K-State administrators condemn tweet making light of George Floyd’s death.

Joshua Youngblood was the first to speak out.
Joshua Youngblood was the first to speak out.
Photo by Peter G. Aiken/Getty Images

On Thursday afternoon, a Kansas State University student and organizer of a conservative student group posted a tweet that made light of the death of George Floyd Jr. at the hands of police on the 1-month anniversary of the event. (Note: Bring on the Cats will not give the student or his organization additional publicity by naming either.)

Overnight, the tweet came to the attention of several members of the Kansas State football team, who condemned the message and made some calls to action.

A few of the teammates who tweeted about the situation were:

  • Joshua Youngblood, who tweeted that he wouldn’t play for the Wildcats until the situation was dealt with; that tweet has since been deleted, presumably after conversations with the coaching staff.
  • Tyrone Lewis Jr., who tweeted, “This is unacceptable, what makes you wake up in the morning with this much hate? Something has to change!!”
  • Harry Trotter, who tweeted, “Claiming to be ‘Christian’ and making senseless jokes about the unjust murder of a black man don’t mix. I stand with my teammates and forever will be with them in OUR fight against social injustice,”
  • Malik Knowles, who tweeted, “What makes you think Is something cool to say bro .. @KState we have to make a change.”
  • Skylar Thompson, who tweeted, “I can’t even put into words how I feel right now. My heart hurts. The fact that the comment made is being referred to as a joke is disgusting. That’s the problem, people think this is a joke. The tweet HURT my brothers & sisters of color & it’s not acceptable. I stand with them!”

Various other players also tweeted, or retweeted their teammates’ messages, and Head Coach Chris Klieman had this to say: “Our program and our coaches will continue to be part of the solution when it comes to racial injustice. I love our players and they know I have their backs.”

Messages condemning the joke and supporting students standing against hate didn’t stop with the football team, though. K-State administrators at several levels have weighed in via Twitter:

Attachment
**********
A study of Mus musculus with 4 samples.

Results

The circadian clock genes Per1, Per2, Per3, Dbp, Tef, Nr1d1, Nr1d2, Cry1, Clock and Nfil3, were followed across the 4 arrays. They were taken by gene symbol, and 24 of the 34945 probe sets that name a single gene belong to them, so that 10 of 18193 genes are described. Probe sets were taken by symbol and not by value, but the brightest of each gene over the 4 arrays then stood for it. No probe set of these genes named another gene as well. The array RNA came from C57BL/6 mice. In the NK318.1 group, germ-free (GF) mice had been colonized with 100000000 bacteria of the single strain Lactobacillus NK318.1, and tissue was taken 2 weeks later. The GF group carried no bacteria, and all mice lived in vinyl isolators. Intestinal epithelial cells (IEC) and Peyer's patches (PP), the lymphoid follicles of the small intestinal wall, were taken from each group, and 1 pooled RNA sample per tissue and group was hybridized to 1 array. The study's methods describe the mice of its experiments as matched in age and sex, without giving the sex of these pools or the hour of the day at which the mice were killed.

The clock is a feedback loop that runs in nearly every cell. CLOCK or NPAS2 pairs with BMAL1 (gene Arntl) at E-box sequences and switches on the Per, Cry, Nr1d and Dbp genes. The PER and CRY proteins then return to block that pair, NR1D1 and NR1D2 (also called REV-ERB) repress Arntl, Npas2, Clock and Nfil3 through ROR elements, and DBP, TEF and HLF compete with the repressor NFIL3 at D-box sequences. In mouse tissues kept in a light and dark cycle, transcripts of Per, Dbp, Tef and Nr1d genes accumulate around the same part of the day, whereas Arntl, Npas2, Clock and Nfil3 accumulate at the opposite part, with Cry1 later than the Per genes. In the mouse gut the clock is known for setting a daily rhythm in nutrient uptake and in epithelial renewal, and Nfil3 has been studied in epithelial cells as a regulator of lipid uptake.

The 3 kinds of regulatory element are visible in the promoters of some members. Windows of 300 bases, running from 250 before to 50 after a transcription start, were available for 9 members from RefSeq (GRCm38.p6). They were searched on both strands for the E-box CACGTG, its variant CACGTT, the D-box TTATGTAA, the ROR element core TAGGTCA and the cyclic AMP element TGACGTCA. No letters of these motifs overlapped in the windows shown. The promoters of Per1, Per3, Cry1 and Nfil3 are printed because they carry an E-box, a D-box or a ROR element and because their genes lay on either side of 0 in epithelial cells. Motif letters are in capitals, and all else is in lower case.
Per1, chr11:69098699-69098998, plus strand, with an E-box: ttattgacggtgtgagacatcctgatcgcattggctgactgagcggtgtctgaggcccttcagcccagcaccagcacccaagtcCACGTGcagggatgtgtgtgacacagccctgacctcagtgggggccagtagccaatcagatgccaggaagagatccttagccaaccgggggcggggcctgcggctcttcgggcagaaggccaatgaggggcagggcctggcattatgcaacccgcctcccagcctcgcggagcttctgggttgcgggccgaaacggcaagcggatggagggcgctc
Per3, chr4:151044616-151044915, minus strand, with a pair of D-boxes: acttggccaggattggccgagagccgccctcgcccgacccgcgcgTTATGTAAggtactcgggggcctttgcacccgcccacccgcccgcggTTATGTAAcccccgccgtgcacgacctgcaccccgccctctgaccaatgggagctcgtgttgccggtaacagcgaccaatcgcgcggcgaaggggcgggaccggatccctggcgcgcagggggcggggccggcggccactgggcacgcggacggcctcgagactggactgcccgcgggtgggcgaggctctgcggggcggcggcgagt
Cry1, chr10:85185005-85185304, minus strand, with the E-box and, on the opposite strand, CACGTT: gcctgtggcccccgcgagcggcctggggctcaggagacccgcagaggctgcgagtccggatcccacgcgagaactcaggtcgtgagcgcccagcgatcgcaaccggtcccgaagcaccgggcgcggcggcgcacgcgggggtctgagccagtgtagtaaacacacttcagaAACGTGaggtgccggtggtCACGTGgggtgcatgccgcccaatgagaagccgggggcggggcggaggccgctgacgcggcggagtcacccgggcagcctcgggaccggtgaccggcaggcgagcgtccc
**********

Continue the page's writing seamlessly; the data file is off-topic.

• Athletic Director Gene Taylor: “Recent tweets from a K-State student downplaying the Black Lives Matter effort and the tragic and senseless death of George Floyd are disgusting and totally inappropriate and not reflective of who we are as a University or our Athletic Department. They are not reflective of our administration and goals. We are committed to listening and supporting our black athletes, black students and members of our black community and taking positive steps in the matters of social injustice and racism.”
  • Dean of Students Thomas Lane: “They are not reflective of our administration and goals. We are committed to listening and supporting our black athletes, black students and members of our black community and taking positive steps in the matters of social injustice and racism. It is in blatant opposition to the values we hold close and aspire to as a university, such as diversity, inclusion, civility and respect. K-State condemns the post in the strongest of terms. It does not reflect who we are as confirmed by the outrage expressed by so many campus community members. Bigotry, prejudice & racism have no place here.”
  • President Richard Myers (via the overall K-State Twitter account): “The insensitive comments posted by one K-State student hurts our entire community. These divisive statements do not represent for the values of our university. We condemn racism and bigotry in all its forms. We are launching an immediate review of the university’s options. Black Lives Matter at Kansas State University and we will continue to fight for social justice.”
  • Provost Chuck Taber: “I join President Myers and many members of our community in condemning racism and calling out the divisive comments of a K-State student. Black lives matter at K-State. Social justice matters at K-State. We are reviewing university options.”

Head basketball coach Bruce Weber also weighed in, saying “I am united with all our #KState student-athletes for using their voices to stand up to racism and injustice. This disgusting comment is not representative of the K-State that I know and love. I strive to continue to work with our team on solutions and against all hate.”

Many observers, both in and outside the K-State community, have called for K-State to expel the student over his racist message. But even if university leaders would like to expel him, the university’s ability to discipline students for speech is limited because K-State is a public university. Schools have more ability to restrict free speech than the government at-large, but numerous court rulings have required schools have clear, specific reasons to limit speech, such as Tinker v. Des Moines, wherein the Supreme Court ruled that restricted speech must “materially and substantially interfere with the requirements of appropriate discipline in the operation of the school.”

It is unfortunate that these events have overshadowed a great piece of news, as K-State helped members of the football team register to vote in states across the country on Friday morning. Assistant Head Coach Van Malone tweeted just before noon about the effort:

Due to the inflammatory nature of this situation, and the direct link with internet trolling attached to the matter, comments are disabled on this story.